Investing is All Down to Timing
An interesting chart was published recently on the NY Times website. It shows the importance of exactly when you invest in the stock market and the benefits (or lack thereof) of long term investing.
The trick to reading the chart is the select the year that the investment was made on the left-hand axis, and then select the year in which the investment was withdrawn on the horizontal axis.
The example included in the chart shows how investing in 1930 and withdrawing the investment 20 years later in 1950 would have returned about 2% per annum after inflation and taxes (not a very good outcome). The chart specifically looks at 20-year returns (represented by the angled line starting from 1940).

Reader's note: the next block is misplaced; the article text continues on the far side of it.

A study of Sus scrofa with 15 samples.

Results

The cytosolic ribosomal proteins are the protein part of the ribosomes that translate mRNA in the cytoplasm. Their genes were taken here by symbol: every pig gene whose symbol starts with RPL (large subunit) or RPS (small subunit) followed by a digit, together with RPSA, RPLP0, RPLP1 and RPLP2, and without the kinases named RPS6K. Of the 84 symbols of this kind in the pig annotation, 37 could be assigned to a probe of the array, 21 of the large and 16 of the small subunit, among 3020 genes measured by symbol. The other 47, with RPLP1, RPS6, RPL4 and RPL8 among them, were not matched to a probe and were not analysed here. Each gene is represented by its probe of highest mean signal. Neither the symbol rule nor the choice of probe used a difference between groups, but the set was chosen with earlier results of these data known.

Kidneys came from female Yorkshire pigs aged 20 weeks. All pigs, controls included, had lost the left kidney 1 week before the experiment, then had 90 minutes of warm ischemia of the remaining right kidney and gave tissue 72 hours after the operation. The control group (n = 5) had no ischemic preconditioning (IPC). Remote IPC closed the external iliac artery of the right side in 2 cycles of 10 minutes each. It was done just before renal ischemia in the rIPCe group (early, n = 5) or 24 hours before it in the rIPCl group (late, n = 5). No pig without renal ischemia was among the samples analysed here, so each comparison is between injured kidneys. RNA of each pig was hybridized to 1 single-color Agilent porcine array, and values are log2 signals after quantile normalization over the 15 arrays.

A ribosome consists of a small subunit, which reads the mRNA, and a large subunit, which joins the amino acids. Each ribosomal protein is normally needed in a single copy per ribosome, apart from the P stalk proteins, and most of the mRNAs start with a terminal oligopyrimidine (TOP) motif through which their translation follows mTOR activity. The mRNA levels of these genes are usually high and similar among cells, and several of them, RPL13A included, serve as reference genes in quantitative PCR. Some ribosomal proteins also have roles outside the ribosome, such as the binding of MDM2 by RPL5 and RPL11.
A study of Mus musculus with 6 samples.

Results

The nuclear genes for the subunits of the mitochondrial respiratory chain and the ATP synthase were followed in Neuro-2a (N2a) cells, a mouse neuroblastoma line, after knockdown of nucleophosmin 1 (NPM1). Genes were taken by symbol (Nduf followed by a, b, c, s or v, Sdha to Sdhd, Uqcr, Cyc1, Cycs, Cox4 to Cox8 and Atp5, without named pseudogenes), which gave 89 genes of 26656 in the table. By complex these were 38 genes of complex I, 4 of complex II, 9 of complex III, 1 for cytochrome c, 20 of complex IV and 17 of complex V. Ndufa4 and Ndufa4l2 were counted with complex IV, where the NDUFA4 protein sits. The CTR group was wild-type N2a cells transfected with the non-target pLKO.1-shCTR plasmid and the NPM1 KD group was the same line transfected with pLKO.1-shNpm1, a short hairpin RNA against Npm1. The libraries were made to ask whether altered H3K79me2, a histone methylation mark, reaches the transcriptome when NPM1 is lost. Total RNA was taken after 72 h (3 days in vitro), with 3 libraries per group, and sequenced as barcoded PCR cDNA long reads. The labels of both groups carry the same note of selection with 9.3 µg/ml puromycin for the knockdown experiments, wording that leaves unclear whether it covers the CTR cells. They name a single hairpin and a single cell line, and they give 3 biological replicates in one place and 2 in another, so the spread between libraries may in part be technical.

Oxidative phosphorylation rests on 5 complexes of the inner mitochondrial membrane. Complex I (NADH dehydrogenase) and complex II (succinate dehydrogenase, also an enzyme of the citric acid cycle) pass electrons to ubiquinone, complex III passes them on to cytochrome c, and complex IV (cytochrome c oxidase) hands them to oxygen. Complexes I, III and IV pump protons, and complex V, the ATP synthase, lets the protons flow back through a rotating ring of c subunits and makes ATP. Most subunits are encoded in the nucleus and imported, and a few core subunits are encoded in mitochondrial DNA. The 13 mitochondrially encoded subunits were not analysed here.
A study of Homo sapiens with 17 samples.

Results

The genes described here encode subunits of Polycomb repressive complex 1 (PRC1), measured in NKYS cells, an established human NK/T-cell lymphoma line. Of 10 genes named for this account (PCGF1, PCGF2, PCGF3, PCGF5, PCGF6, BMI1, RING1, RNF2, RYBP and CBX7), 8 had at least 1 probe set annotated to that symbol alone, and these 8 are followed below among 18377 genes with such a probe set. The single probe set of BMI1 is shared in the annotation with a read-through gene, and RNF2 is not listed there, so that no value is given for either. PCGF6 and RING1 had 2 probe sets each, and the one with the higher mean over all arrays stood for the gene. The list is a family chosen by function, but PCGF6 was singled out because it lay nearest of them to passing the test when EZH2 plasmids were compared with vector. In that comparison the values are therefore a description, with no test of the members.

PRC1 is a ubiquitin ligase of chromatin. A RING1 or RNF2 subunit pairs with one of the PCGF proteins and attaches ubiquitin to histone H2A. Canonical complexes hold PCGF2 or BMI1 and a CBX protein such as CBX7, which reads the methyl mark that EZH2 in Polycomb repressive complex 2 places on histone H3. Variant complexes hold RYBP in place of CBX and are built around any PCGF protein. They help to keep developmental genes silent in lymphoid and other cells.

It’s a general rule of thumb that investing in the market is a long-term proposition – that this allows you to ride out the cycles over the long run and deliver an acceptable return.
The evidence, however, shows that there have been long periods over the past 90 years where even a 20-year timeframe did not produce returns in excess of inflation.
The data is for the S&P 500, so other markets may be slightly different, although it’s likely that the overall conclusion will be the same. If you invest at the wrong time (and the wrong time could last as long as 15 years) then even a 20-year timeframe will not produce returns in excess of inflation.
There also appears to be a discernible pattern to the data in the chart, and it doesn’t bode well for returns over the next 10 years or so.